Let’s get the obvious question out of the way. What is personal broadcast? It’s an all-encompassing term for Podcasting, YouTube videos, Facebook live videos, Internet broadcast and a whole host of other methods of communicating with your audience over the internet.
There are a variety of methods of achieving this by using your phone to high end audio interfaces. Any level of quality would ideally be achieved by some sort audio interface. However what if there were an audio interface that not only gave you high quality audio recording but gave you the ability to actually express yourself? Give you the ability to inject some of your personality when Podcasting, live streaming or a video you were creating? What if you had the ability to inject more you into your work? Well Tascam may have just come up with the perfect solution in the form of the Mini Studios. US-32 Mini Studio Personal and US-42 Mini Studio Creator.
US-32 Mini Studio Personal
So what’s makes these different from any other audio interface on the market. Well they are the first interface to be designed specifically for Podcasting and include a host of features that lend themselves to this task. If we start with the US-32, it uses a single XLR mic input with optional phantom power (activated by the free software) a built Omni direction microphone and a mic headset input. You can select whichever of these suits your need. Recording a video commentary piece? Use the XLR input and a condenser microphone for high quality audio. Need to record a Podcast with a group of friends? Use the built Omni directional mic. Want to make a “let’s play” of the latest video game? Use your microphone headset and keep your hands free to play the game with. That last example brings up another excellent feature of the mini studios, the ability to record your computer’s background as well as your input to the device. This way you can capture movie clips, video game noise and anything else your computer does with your vocals all in the one stream.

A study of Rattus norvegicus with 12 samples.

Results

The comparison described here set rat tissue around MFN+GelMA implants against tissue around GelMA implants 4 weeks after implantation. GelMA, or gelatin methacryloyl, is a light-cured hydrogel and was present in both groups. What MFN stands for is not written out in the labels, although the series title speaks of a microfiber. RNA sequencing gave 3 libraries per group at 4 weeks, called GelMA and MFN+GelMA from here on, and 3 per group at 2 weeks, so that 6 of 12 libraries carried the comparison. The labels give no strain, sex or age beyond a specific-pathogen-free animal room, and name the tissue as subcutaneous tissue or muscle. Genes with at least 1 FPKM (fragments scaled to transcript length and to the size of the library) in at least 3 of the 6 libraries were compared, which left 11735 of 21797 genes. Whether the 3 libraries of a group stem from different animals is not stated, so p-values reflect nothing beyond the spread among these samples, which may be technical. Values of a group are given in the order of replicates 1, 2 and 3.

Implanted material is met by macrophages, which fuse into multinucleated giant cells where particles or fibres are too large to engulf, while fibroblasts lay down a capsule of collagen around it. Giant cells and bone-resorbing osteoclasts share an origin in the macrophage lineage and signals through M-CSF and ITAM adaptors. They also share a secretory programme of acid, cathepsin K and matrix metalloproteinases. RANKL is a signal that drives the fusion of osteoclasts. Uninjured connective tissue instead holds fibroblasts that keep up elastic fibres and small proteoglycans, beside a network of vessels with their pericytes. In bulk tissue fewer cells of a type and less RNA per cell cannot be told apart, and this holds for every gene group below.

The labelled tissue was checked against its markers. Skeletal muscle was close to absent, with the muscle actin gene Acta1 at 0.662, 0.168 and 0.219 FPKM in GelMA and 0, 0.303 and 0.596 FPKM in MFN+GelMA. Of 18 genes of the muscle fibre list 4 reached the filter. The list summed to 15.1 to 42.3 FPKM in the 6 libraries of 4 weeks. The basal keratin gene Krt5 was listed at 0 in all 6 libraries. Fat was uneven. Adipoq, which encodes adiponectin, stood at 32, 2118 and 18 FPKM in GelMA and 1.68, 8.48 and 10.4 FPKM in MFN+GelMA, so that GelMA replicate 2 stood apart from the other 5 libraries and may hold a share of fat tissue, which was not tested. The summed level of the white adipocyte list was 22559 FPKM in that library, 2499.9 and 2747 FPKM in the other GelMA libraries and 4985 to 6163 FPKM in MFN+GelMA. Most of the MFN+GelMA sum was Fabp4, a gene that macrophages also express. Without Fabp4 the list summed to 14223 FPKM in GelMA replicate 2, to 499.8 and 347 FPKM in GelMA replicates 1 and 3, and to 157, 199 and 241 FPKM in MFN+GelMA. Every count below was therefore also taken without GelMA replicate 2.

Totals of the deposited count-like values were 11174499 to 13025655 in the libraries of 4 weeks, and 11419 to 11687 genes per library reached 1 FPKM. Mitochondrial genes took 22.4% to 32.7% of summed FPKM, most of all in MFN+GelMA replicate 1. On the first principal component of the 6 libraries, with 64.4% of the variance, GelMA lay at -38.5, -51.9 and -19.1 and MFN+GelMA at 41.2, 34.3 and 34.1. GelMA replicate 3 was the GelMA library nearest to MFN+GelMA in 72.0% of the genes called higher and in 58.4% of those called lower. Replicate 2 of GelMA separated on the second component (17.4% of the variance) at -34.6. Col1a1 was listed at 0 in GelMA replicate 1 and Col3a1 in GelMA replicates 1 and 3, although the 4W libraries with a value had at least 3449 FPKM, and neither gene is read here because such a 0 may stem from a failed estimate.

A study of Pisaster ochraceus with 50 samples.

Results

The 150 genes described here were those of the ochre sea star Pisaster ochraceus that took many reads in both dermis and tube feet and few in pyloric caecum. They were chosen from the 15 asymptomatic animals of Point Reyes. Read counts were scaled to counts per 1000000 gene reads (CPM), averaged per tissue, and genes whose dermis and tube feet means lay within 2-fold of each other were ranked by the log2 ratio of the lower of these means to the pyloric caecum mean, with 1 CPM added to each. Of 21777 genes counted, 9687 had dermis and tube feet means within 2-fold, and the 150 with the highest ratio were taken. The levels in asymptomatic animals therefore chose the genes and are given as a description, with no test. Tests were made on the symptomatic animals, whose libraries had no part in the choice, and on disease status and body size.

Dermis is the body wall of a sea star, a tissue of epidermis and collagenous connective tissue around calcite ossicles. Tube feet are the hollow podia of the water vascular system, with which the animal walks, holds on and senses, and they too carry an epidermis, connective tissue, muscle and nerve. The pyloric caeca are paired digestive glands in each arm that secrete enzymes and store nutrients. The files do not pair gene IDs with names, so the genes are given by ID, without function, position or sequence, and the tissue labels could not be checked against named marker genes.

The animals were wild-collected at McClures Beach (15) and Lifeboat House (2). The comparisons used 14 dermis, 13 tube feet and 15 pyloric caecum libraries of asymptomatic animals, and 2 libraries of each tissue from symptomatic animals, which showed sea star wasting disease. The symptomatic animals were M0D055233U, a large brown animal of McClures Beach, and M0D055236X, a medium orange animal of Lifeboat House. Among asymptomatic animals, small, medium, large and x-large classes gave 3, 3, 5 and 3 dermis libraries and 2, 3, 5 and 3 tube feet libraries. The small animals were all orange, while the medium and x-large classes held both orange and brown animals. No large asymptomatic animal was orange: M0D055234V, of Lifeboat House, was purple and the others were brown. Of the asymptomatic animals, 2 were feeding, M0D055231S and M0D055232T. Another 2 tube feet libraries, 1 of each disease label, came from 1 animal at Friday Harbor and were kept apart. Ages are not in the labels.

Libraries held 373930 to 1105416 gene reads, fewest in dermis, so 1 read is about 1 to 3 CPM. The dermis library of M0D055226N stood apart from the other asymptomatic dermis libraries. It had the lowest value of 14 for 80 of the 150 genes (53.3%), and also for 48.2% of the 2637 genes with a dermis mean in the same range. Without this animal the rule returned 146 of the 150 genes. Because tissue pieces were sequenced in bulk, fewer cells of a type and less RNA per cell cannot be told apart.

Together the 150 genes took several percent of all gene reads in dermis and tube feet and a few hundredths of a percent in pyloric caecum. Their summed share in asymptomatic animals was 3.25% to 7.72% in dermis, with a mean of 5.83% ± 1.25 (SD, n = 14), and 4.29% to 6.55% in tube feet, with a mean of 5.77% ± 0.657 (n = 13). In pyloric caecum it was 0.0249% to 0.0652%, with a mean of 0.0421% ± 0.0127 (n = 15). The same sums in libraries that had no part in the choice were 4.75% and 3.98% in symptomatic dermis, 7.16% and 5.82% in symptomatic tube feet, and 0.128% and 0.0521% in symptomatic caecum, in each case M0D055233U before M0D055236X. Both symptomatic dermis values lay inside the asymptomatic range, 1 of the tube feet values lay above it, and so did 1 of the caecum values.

The included 3.5mm is also more than just an MP3 input. It allows you to conduct and record phone interviews by just using the US-32. The audio from your interviewee will be captured by the 3.5mm input and you can then hear their conversation through a set of headphones using the headphone out. However the clever part is the person on the other end of the phone will also be able to hear you through one of the 3 microphone options listed earlier. This way you can conduct and record telephone conversation all through the one unit.
So while these are incredibly useful features, the mini studio incorporates some additional functions to make the whole experience more fun. These take the form of velocity sensitive PON buttons. Originally, “PON” is a Japanese mimetic word of pressing a button / key for getting something to react. In this case it would be sound effects. The US-32 comes with 3 different sound effects that you can assign to the PON buttons and best of all you can create your own sound effects and assign them as you like. This is great for playing music beds under commentary, settings of stabs or just adding a bit comic relief when your are Podcasting. Coupled with these PON buttons is a vocal effect button that puts some fun effects on one of the 3 microphone inputs. Pitch shift your voice up to sound like mini Mouse or down to sound like Darth Vader. There is also an echo effect, Radio (slightly distorted walkie talkie effect) and a chopper effect which reproduces the acoustic quality of broadcasting from a helicopter.
US-42 Mini Studio Creator
The US-42 is the slightly larger version of the two units. It swaps out the omni directional microphone for an additional XLR input and has a dedicated monitor output with level control. However the most interesting aspect of the US-42 is the Creator/Broadcast switch. In creator mode you get all the functionality of the US-32 and is great for Podcasts, YouTube videos and live streaming. However when in Creator mode the unit turns itself into a traditional 2×2 audio interface. It stops recording any background elements your computer may be producing and only converts the inputs on the actual device, exactly as you expect a standard audio interface to work. The PON buttons will still trigger off effects or anything assigned to them but you will only hear it through your headphones. This can be useful if you want to trigger off a click track to lay down an initial vocal or guitar line.
So there is obviously a lot of features, tricks and fun you can have with the Tascam US mini Studios that a traditional audio interface just won’t cover. We found a rather excellent video on YouTube by Pro Tools Expert demonstrating all of this so check it out.